Sep 18, 2019 12:10 UTC
  • NI Organised crime gangs look to exploit the return of

Organised crime activity in Northern Ireland is set to increase post-Brexit, especially if the UK’s exit from the European Union (EU) is conducted in a disorderly manner.

That is the warning from the Organised Crime Task Force (OCTF), which claims that organized criminal gangs will set out to exploit new tariffs and other Brexit-related trading and border arrangements.

Established in September 2000, the OCTF is Northern Ireland’s primary agency dedicated to the battle against serious and organised crime.

In its annual report the OCTF predicts that a “no-deal scenario” would lead to “potential new criminal markets for previously legitimate commodities”.

Meanwhile a senior official in the Northern Ireland Executive has sounded the alarm by saying: “None of us know on what terms the UK will leave the EU but we do know that wherever there is a border, organised crime will try to exploit it”.

Claire Archbold, who is director of safer communities at the Department of Justice, qualified her statement by adding that the OCTF is an “agile” organisation which can “adapt” to the evolution of organised crime groups.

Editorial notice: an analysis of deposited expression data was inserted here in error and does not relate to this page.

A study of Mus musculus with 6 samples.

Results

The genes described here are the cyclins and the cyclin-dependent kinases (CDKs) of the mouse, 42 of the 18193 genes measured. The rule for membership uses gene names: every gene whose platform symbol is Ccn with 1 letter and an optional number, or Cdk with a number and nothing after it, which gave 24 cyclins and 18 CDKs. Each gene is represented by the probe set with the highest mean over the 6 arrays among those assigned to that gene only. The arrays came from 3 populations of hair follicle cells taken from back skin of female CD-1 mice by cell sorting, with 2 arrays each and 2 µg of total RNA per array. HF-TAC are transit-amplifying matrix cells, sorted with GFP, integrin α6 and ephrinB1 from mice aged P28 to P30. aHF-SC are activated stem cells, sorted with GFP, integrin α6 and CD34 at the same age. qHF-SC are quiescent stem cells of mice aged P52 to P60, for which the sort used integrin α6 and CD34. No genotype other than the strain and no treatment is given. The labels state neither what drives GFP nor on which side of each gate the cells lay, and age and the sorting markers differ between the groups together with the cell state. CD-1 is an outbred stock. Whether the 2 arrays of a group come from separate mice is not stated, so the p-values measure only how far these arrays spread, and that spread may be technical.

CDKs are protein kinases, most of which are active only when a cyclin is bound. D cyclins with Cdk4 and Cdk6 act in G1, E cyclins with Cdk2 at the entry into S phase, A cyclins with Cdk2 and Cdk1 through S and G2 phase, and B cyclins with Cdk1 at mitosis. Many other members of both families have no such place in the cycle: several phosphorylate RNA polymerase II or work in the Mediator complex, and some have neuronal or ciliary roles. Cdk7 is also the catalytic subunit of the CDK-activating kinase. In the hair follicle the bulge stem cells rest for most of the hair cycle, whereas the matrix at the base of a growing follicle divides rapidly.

The warnings by the OCTF and the Northern Ireland Executive come on the heels of multiple reports of escalating organised crime activity in the six counties.

Using data from the OCTF’s annual report, the Belfast Telegraph reported yesterday that there were 7,490 drug seizure incidents in Northern Ireland last year (2018).

Additionally, the OCTF reportedly disrupted 72 criminal gangs, seized £1 million and rescued 59 potential human trafficking victims.

Fears of post-Brexit organised crime activity in Northern Ireland are compounded by security fears, notably renewed confidence and activity by militant Republican factions, which the British media labels as “dissident” Republicans.

The wider context is a political crisis which began in January 2017 following the collapse of the devolved Northern Ireland assembly and executive.

In recent months Brexit fears have intensified the political crisis with Irish Republicans warning of the risks and dangers pursuant to the return of a “hard” border between the Republic of Ireland and the six counties of the north.

In late July, the leader of Sinn Fein, the mainstream Republican group, called for a border poll (or an Irish unity referendum) in the event of a no-deal Brexit.

Mary Lou McDonald also called on the Irish government to appoint a minister tasked with preparing for Irish reunification.